Christ Church C of E Primary School

  1. Our School
  2. Christian Life of the School

Christian Life of the School

Church school distinctiveness and the Christian life of the school

We warmly welcome you to the Christ Church family.  As a Church school, we value our distinctive ethos to which all members contribute. As a member of staff here, your presence and work will affect the ethos. We invite you to help us to continue to make our school a special place. 

The head teacher, school leaders, governors and staff recognise that Christian values underpin our work here.   These can be seen in the life of the school in the relationships between its stakeholders.  These values, which incorporate Care, Honesty, Respect, Integrity, Sensitivity and Trust, are modelled to our children in our everyday behaviours and highlighted to the children in assemblies and further opportunities in and out of class.

How does our School show that it is a Church School?

Signs and displays

There are many outward signs. We clearly proclaim our connection with the Church of England and Christ Church.                     

Outside our school you can see:

Inside school also there are symbols of the Christian faith as reminders to us all of the school’s Christian foundation.
Inside school also there are symbols of the Christian faith as reminders to us all of the school’s Christian foundation.

Pictures which remind us of the life and teachings of Jesus and other biblical references. There are also signs of the church calendar at particular times of the year (use of liturgical colours, displays to celebrate festivals)

Worship and prayer

Worship and prayer are seen as central to what we do in Christ Church Primary School.  There is a daily act of collective worship.  This might be a whole school assembly, Key Stage Assembly or class assembly.    


Themes for assembly are set by the Senior Leadership Team / RE Lead. Themes provide the opportunity for children to reflect, based on Christian values/dispositions. Christian values and Anglican elements form part of each assembly e.g. Lord's Prayer, prayer, blessing, song / hymn. The adult leading the assembly helps create a sense of occasion.  This may be created through signs and symbols, a piece of music on entry, lighting a candle, use of the Assembly table in the hall or RE display area in the classroom (includes  cross and school prayer.) Assemblies are carefully prepared to develop a given theme, spiritual development and promote respect for all.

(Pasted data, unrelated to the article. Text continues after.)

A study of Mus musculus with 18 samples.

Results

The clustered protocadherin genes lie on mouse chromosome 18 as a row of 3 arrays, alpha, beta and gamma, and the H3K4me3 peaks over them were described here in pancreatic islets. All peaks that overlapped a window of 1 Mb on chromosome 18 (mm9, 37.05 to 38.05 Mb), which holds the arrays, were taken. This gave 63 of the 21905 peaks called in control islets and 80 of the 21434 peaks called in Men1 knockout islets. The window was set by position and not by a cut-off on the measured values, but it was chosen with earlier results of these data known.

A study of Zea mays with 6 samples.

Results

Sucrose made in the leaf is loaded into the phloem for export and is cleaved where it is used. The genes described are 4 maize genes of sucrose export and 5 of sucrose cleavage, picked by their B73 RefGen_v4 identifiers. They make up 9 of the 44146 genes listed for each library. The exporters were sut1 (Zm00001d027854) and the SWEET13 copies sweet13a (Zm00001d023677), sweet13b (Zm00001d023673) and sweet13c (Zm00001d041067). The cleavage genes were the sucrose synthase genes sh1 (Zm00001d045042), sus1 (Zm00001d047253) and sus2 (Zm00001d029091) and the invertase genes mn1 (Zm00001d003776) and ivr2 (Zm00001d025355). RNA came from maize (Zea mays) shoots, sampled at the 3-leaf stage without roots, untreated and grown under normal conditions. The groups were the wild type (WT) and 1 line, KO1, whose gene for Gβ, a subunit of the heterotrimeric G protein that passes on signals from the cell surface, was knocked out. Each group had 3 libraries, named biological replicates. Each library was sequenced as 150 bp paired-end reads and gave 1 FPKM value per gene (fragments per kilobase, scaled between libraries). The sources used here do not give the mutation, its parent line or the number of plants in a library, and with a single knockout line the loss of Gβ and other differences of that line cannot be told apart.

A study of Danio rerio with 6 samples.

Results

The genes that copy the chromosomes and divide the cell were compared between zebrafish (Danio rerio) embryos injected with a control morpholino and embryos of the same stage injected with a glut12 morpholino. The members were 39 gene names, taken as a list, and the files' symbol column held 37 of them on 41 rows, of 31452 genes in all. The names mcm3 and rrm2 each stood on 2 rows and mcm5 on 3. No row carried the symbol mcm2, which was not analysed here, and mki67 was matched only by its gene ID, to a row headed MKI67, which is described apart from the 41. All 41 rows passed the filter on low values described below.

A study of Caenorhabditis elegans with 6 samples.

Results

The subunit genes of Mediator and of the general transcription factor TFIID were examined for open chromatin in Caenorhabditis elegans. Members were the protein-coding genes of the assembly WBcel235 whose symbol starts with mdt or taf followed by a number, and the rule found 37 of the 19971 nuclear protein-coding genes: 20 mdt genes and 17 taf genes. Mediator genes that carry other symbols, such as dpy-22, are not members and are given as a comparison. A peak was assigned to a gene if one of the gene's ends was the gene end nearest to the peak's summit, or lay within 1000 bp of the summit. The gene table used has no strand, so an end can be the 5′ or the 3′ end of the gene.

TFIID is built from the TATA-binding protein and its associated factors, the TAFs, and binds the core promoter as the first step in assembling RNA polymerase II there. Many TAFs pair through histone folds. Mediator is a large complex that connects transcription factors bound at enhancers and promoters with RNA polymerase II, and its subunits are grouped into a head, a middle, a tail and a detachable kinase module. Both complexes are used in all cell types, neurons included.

Children know that assembly times are special. They enjoy assemblies and participate in them, asking and answering questions, bringing in items from home, sharing artwork or drama.  Children contribute to the planning of assemblies eg for Friday assemblies, prayers. Assemblies provide the opportunity for staff / children to reflect quietly, and pray. Hymns / music are chosen to reflect the theme of the assembly.  Opportunities are taken for worship at Christ Church, especially at Easter and Christmas.   We invite parents to worship with us during (Friday) class and praise assemblies. 


We want to encourage children to discover the power of prayer and time spent with God. We have time for prayer (during collective worship, before dinner time and at the end of the school day).

Relationship with the church


We belong to Christ Church. The vicars support the school by leading worship, teaching part of the  curriculum, providing experiential learning opportunities, running Messy Church after school, and governorship.


We visit the church for a service during Christian festivals) and as part of the RE curriculum.


We enjoy links with the wider family of church schools via  our participation in the diocesan football team, our attendance at the annual year six leavers’ service in the Cathedral.


Relationships in School                                                      

All these aspects of our school life are very important, but there are other aspects which as just as vital to our school but which are not as easy to portray. These include good relationships with an emphasis upon seeking and receiving forgiveness, welcome, and respect for integrity. Our behaviour policy states clearly how we regard children and how we endeavour to encourage them to adopt the best kind of behaviour for the wellbeing of the school community.


We want you to feel welcome in our school just as we would like all who come here to feel welcome. We make people feel welcome by (greeting them at the entrance, speaking to them, inviting them to school events).


All of the children are welcome here in the school whether they come from a Christian family, a family of a different faith, or a family with no particular faith background. The same is true of staff. We would like this to be a place where all can flourish and where children (and adults) have the opportunities to learn about the Christian faith, but to have the chance to practise their family faith without fear of prejudice or bullying. 


As our children come from a wide variety of religious backgrounds, we like to respect them by having displays and artefacts that represent their traditions. In doing this we are recognizing that their faith is just as important to them as the Christian faith is to the life of the school.


We put spirituality at the heart of education recognizing that this is an essential feature of human life and experience. We proclaim the importance of the Christian faith as seen above, and provide opportunities for pupils to develop their ways of living. This is more than encouraging private and collective prayer and praise. It is also through nurturing a concern for others, e.g. compassion, service etc.